The Warm Down: Watford's problems go beyond the Head Coach

If The Hornets were going to stay in the Premier League, this was a game they really had to win, or, at the very least, they dare not lose.

So much so, that in week, club captain Moussa Sissoko wrote to fans attending the game in an effort to get the crowd fully behind the team.

Come kick-off, Vicarage Road was loud, fireworks had gone off, and the atmosphere was electric. Unfortunately, the Watford players were not.

Norwich had started the match the brighter, but as the half progressed, Watford did begin to keep the ball better and take control of possession, albeit creating very little from it.



It was Norwich who were to be the team that improved, taking an early second half lead through Josh Sargent's back-heeled flick in the 51st minute, which just about found its way over the line after hitting the cross bar. 

Watford were still in the game at 1-0 down, but Sargent's and Norwich's second goal, shortly followed by Emmanuel Dennis' second booking and red card, soon put to bed any hopes of a Watford comeback.

The final blow for Watford was to be self-inflicted, with an overstretched Juraj Kucka putting the ball into his own net in the 92nd minute to make it 3-0 to the Canaries and send their travelling fans into pandemonium.

  • Another crucial game gone

Going into a fixture run of Newcastle, Norwich and Burnley, Watford had a real opportunity to stake a claim for Premier League survival and with two of those three games behind us, The Hornets have gained just one point from a possible six.

With Watford grabbing a late point thanks to a fantastic Joao Pedro header, the draw at Newcastle was temporarily considered a potential turning point for the season ahead, but two dropped points at St. James Park meant three points against Norwich were essential.

No only did Watford lose to Norwich, they were embarrassed in defeat.


  • Ranieri under pressure?

Chants of "you're getting sacked in the morning" from some sections of the Watford supporters sum up the mood at Vicarage Road after such a devastating defeat. Claudio Ranieri must now be under serious pressure to keep his job.

Watford's record under the Italian is incredibly poor, with The Hornets losing 11 out of his 14 matches in charge, conceding a staggering 34 goals - an an average of roughly 2.4 goals per game.

Ranieri has been afforded time due to the difficult run of fixtures he faced when he first took the job, but now the time has come to start putting the points on the board in more 'winnable' games, Watford have continued to fail to deliver under his leadership.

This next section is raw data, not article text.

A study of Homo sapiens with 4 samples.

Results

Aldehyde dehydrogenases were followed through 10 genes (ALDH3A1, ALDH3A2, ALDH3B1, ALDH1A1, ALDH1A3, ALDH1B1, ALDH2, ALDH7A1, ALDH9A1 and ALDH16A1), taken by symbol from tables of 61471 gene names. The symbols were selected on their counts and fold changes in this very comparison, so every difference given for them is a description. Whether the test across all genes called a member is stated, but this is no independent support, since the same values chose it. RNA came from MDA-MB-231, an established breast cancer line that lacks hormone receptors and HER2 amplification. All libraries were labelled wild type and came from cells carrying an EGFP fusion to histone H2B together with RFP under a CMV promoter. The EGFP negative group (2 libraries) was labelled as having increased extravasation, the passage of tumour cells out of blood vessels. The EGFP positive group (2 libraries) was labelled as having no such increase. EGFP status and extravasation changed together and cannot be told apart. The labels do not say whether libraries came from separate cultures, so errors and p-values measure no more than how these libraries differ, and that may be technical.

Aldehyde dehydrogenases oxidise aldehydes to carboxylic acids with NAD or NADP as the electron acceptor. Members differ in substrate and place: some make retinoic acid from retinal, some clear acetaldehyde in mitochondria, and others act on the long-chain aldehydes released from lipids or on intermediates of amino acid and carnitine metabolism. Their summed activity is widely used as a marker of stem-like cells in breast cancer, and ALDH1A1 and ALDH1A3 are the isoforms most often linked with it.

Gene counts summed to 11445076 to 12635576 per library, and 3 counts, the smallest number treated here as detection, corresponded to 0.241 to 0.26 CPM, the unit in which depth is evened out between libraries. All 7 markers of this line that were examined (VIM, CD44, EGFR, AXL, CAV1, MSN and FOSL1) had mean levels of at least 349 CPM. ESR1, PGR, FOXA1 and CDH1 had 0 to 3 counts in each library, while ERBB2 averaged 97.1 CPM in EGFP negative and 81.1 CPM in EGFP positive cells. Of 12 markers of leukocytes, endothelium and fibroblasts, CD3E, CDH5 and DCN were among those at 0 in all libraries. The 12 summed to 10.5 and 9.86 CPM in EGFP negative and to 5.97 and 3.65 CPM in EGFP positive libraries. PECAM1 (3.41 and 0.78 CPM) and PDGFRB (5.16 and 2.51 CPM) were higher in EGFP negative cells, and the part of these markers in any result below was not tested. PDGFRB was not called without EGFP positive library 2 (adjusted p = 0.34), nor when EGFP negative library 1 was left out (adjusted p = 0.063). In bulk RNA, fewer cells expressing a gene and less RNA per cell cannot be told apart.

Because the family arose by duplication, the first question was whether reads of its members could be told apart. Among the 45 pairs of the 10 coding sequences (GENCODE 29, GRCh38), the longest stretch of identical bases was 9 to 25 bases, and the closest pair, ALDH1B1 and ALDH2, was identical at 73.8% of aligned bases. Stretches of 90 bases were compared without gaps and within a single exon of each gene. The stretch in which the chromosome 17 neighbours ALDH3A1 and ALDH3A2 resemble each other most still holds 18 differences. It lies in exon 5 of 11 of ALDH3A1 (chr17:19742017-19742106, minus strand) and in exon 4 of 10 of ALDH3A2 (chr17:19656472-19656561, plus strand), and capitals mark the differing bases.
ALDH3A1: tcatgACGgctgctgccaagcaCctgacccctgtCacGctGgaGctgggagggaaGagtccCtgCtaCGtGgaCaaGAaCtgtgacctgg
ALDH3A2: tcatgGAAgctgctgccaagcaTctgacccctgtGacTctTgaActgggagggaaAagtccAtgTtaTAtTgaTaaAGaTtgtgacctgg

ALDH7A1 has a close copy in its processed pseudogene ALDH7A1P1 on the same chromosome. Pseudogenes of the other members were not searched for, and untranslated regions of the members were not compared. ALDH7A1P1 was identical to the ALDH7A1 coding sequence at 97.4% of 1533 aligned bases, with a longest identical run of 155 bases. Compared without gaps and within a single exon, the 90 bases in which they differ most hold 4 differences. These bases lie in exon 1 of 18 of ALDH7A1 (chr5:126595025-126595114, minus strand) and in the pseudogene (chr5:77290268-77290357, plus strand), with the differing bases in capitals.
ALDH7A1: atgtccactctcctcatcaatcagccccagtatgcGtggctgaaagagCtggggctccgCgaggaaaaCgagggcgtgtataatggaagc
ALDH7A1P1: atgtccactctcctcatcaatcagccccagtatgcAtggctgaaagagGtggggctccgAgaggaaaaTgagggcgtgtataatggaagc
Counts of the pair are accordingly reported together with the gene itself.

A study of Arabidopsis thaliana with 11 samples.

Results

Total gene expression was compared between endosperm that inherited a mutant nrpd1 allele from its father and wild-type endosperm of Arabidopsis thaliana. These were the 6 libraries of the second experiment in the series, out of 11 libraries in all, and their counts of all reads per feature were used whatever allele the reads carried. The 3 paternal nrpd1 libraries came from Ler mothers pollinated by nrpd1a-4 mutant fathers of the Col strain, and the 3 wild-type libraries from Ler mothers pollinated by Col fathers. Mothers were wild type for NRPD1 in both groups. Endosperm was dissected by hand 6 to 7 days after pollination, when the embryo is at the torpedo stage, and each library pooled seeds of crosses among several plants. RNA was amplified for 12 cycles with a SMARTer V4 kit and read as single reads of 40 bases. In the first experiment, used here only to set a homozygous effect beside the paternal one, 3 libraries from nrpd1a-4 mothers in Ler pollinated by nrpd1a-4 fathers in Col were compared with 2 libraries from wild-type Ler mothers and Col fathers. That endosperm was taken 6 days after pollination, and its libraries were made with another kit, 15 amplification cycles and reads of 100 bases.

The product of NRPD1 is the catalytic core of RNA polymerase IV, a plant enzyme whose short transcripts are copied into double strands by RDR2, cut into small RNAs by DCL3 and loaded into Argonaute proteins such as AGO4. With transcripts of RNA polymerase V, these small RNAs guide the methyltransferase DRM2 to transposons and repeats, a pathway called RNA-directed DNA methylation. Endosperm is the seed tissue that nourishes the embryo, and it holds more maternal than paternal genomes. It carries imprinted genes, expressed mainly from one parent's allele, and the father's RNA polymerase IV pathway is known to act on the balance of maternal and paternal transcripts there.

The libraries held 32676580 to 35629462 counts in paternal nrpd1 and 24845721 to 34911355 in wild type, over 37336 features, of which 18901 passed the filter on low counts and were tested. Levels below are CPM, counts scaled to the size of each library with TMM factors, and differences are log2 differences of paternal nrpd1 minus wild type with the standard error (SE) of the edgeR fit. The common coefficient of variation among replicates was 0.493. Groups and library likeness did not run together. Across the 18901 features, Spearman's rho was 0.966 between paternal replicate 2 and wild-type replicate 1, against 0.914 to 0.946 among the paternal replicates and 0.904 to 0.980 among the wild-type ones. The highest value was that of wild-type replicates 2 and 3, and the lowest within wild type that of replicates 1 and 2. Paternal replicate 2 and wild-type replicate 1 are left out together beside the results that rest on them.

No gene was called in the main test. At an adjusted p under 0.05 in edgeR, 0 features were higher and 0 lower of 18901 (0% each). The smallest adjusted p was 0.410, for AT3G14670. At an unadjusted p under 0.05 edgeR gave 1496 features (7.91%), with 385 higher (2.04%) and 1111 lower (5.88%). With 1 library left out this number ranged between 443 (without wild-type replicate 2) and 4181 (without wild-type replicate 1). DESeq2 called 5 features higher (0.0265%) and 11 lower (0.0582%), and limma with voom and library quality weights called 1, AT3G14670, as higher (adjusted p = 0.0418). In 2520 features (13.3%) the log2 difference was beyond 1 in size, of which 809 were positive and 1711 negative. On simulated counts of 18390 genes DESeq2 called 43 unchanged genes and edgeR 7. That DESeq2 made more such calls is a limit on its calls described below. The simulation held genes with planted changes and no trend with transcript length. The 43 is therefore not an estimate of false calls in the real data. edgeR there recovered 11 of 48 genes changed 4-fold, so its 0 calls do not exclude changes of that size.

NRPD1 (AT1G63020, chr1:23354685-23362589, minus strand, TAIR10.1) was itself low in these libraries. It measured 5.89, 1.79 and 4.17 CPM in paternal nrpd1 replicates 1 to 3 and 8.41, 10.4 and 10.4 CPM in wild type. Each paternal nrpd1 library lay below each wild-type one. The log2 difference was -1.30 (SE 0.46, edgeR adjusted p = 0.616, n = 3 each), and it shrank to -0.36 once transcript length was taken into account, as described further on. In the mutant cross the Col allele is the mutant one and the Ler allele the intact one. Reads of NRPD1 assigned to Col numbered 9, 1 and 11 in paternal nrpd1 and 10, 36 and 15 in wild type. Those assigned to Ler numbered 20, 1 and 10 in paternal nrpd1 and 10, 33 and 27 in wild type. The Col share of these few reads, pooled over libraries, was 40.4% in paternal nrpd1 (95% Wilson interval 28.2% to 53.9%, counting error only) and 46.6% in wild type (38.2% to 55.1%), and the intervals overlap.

In the defeat against Chelsea for example, Watford played brilliantly and had success with Imran Louza at the base of a midfield three, with Watford pressing their opponents high up the field. 

However, after losing to Man City, Ranieri moved away from the approach taken in the Chelsea game and opted to sit back and defend against Brentford, dropping Louza for Juraj Kucka.

After a late defeat, it felt like Watford were back to square one.

Ultimately, as endearing as Ranieri has been, he has failed to turn things around when it really mattered after being given leeway due to a tricky fixture run. Games against Southampton, Brentford, Newcastle and now Norwich, were all opportunities to pick up some much needed points, but bar the point at Newcastle, Watford under Ranieri's stewardship, failed to do so.

That isn't to say things are all on the Head Coach though.

  • Where do Watford go from here?

After the defeat on Friday night, and Newcastle United’s win over Leeds yesterday, Watford are now 19th and into the relegation zone for the first time this season. Something which in itself is remarkable given how poor The Hornets have been.

The business done early in the January window - bringing in Hassane Kamara, Samir, and Edo Kayembe - has been fast and decisive, but it all feels like it has come a little bit too late. These were signings that should have been made in the summer.

Despite having the best defensive record in the Championship last season, Watford's defence in the Premier League has been an issue for a number of years now, including the season The Hornets were relegated in 2019/20, yet, at times this season, Watford have fielded mostly the same back line as that season. 

After that relegation, Watford fans were promised by club leadership that they had learnt from their mistakes. 

Seeing how things have transpired this season, it doesn't appear they have learned much at all. 



Duxbury has previously spoken about the Watford model and that, due to the operational structure beyond the dugout remaining consistent, the head coach is essentially dispensable. But what happens when that structure is not working and becomes the problem?

With Burnley up next and a two-week winter break between now and then, the Watford hierarchy will likely make yet another Head Coach change at Vicarage Road, but whoever they put in charge, Watford are a sinking ship, with issues that go far deeper than the man in the dug out.